Modernizing the Brick-and-Mortar Retail Experience with IoT Data
By Paul Merritt
Industry Director for Retail, Lexmark
2023 will be the year of lurking threats for the retail industry, with a potential recession impacting the supply chain, demand, hiring and customer engagement. Many are turning to new technologies and smart retail solutions as the answer, the most promising of the bunch being the Internet of Things (IoT).
Many retailers are already on board. Approximately 58% of retail companies have active IoT projects in their pipeline. The market size for IoT in retail worldwide is projected to reach $178 billion by 2031.
The key to unlocking new, innovative ways to engage with customers is combining historical and real-time information to create a window of opportunity.
The most significant need IoT can fulfill is modernizing the brick-and-mortar store experience. With IoT, it’s possible to mimic the high personalization and sophisticated care present during the online shopping experience.
The data generated by sensors and cameras capture the raw analytics of every facet of the physical store experience. IoT can then turn that data into insights that can be acted upon quickly—to streamline the checkout line, better place signage, and ease the workload for employees. The right IoT platform can also interconnect with e-commerce for a seamless shopping experience, boosting both the physical and digital storefront.
Retailers Already Have an IoT Head Start
Smart Retail and IoT in the Store
The first step to implementing IoT, or Smart Retail solutions, in-store is easier than retailers may think, as many have the foundation already set through existing hardware. One example of this is security cameras. Nearly all brick-and-mortar stores have cameras set up to monitor for theft and safeguard customers, but these cameras can be used for more than just security. They can also be retrofitted with an IoT “eye” to capture and formulate store operations as they are happening. This can help inform optimal store layout, monitor power position inventory like end caps, allow for more personalized digital signage, and better evaluate customer behavior. All of which level up to improved customer satisfaction and revenue growth.
To realize these business outcomes, retailers must consider how to act on the real-time information they collect from in-store data and connect it with historical customer information. Today retailers are making decisions that will impact future revenue and store operations based on historical buyer behavior – what you bought yesterday, last month, last year. As a result, they are making decisions by looking in the rearview mirror. The key to unlocking new, innovative ways to engage with customers is combining historical and real-time information to create a window of opportunity.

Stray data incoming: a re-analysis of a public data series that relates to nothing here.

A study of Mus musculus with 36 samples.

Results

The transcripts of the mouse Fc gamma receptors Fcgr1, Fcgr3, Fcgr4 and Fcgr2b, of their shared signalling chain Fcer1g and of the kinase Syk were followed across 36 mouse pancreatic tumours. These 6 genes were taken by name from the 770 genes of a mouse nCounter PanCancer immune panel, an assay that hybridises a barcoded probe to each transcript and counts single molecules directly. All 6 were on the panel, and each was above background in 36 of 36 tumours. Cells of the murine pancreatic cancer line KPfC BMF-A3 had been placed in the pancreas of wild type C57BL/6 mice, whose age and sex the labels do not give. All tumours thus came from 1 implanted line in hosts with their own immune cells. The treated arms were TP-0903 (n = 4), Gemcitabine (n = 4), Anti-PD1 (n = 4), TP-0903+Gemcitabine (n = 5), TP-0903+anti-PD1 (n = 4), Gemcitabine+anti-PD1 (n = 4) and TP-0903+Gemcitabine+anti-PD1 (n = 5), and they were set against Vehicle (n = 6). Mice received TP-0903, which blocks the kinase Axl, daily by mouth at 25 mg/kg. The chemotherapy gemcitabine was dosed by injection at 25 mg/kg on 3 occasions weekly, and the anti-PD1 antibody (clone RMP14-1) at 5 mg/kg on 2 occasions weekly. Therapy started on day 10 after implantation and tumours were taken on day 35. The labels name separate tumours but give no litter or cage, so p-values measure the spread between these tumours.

By investing in new Smart Retail solutions like IoT and greater IoT device management, brick-and-mortar retailers – from high-end fashion to furniture to grocery – can see significant, real-time improvement.
Fashion and furniture retailers have a similar sales set-up in that their associates are often commission-based. As a result, these associates need to manage any back-office tasks quickly and efficiently to be on the store floor closing deals.
By leveraging Smart Retail, retailers can streamline those administrative tasks to save associates time and collect critical metrics for store leadership to gain real-time visibility into operational efficiency and compliance.
Alternately, retailers such as grocers employ associates that are not commission based and work at an hourly rate. Leveraging Smart Retail and IoT can ensure they aren’t avoiding the storefront by taking on or spending too much time on unnecessary back-office tasks.
While the outcome may look different depending on the needs of the unique retailer, the key to successfully bridging the growing gap between the e-commerce and brick-and-mortar experience lies in transformative technologies and Smart Retail solutions, like IoT.
Paul Merritt, Industry Director for Retail at Lexmark, has over 40 years of experience in the printing and imaging industry. As Industry Director for Retail, Merritt manages a team of retail industry consultants who focus on helping retail customers improve business processes via hardware, software or services solutions. From data security issues to improving store signage, Merritt and his team work to drive your retail business forward.